Matt's videos are at his site www.wherethehellismatt.com, and on YouTube. You'll laugh out loud unless you're a lifeless cynic, and then I'd prescribe watching all his videos nonstop until you can get your sorry priorities straightened out.
Before returning from his trip, the spark of another concept had begun to germinate for Matt - the even more radical idea of actually sharing the substantial joys of "dancing badly," by dancing badly with other people. So Stride gum sponsored his third trip. And to their credit, they didn't insist on mucking up Matt's artistic vision with a wad of gum in every take. They simply received a dignified credit at the end of the video.
Melissa did the organizing, contacting the fans who had emailed him, to plan where and when to meet. Thousands of fans came to the party.
In Madrid, scores of dancers came from all over the country to dance badly with Matt. Turns out, via Internet communication, they had decided to generate the largest turnout of any country in the world. And it was here that Matt perfected his "run-in shot" with the group descending upon him from both sides after he had danced a few steps alone.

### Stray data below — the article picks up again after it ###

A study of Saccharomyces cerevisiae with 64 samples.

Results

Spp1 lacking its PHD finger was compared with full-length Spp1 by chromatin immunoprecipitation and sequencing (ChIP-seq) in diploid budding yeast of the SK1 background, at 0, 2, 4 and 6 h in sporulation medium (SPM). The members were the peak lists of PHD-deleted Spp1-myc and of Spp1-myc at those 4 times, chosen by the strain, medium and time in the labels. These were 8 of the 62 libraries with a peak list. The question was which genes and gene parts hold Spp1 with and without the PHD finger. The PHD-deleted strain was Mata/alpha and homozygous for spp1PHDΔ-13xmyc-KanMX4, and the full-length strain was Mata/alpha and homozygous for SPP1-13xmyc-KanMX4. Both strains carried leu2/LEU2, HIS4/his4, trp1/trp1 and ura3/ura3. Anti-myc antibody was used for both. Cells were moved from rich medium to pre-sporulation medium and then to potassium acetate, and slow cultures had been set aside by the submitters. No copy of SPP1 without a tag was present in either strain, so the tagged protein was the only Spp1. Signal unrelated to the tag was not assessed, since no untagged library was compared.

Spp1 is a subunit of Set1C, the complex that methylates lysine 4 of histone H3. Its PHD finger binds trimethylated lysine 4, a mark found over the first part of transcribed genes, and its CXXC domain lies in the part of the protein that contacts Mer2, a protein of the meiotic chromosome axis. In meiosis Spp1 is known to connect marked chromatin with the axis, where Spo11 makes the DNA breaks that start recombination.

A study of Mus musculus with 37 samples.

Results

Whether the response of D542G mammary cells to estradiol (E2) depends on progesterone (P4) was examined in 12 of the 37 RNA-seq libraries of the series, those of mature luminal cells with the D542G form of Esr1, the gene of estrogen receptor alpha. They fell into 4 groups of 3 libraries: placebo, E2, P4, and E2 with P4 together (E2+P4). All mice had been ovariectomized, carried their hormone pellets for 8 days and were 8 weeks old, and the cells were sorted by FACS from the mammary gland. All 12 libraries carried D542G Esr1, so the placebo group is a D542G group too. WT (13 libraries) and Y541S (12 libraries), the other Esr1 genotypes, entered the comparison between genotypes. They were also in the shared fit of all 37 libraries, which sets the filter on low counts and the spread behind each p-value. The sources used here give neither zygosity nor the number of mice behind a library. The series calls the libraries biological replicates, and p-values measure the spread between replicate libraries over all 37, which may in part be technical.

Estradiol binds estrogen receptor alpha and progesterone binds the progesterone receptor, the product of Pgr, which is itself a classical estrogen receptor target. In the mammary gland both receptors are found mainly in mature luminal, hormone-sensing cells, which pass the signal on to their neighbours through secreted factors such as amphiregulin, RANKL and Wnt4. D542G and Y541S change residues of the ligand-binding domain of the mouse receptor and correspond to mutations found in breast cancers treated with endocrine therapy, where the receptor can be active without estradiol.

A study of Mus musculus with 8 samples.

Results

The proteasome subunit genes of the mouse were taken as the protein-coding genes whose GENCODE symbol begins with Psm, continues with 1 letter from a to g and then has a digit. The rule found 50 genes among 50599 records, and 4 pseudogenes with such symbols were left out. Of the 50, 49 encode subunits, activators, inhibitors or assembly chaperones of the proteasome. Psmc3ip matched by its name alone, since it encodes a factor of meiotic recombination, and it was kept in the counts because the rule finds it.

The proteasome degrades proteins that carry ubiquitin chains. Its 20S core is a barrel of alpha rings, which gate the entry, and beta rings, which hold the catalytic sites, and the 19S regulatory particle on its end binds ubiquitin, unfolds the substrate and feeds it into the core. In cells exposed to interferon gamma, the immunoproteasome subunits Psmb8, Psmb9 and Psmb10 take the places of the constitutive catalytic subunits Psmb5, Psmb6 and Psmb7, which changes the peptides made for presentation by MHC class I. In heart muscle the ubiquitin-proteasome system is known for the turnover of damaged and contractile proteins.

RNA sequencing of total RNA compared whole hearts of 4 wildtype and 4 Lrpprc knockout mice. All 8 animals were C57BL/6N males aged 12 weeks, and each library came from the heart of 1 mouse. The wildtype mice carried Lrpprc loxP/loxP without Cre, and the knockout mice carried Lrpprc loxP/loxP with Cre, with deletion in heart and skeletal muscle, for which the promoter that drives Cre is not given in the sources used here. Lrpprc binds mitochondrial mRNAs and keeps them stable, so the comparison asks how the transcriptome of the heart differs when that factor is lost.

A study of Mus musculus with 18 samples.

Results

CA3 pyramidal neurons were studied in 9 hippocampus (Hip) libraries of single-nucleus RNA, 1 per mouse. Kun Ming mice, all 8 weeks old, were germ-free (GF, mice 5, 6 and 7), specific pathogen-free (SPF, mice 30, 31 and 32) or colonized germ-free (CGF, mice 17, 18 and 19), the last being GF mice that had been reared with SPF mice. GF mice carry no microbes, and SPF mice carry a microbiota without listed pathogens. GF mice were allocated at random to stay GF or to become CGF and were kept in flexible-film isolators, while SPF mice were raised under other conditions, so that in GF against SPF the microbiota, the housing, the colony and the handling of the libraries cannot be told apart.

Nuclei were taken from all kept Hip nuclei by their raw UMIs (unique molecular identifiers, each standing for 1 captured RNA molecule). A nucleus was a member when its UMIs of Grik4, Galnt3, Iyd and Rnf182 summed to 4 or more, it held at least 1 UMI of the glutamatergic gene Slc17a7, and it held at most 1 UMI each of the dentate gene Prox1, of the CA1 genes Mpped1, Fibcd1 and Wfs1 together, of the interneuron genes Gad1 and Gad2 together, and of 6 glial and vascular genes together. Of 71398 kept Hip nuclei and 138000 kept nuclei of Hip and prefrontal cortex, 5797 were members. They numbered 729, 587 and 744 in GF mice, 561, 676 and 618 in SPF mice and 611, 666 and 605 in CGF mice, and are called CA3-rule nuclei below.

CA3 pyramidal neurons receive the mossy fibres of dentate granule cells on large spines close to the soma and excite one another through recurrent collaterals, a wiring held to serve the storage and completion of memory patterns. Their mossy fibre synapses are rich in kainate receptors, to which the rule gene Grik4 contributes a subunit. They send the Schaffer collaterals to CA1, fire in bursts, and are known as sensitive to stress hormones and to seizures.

The book offers the background stories of how Matt came to dance in a gorgeously costumed Bollywood dance scene in India, as well as in the more sedate setting of the North Korean Demilitarized Zone.
And how he danced with Israelis, and with Palestinians. And with the Wigmen of Papua, New Guinea.
The Chicago Tribune called the video, "spectacular, a cry of life and brotherhood and joy that will leave you grinning."
USA Today dubbed the internet sensation a "word-of-mouse phenomenon."
And the otherwise stodgy NY Times called it, "Almost the perfect piece of Internet art.... However you interpret it, you can't watch 'Dancing' for very long without feeling a little bit happier."
When asked about his favorite place in the world, Matt cites Bhutan, which is in the Himalayas, between China and India.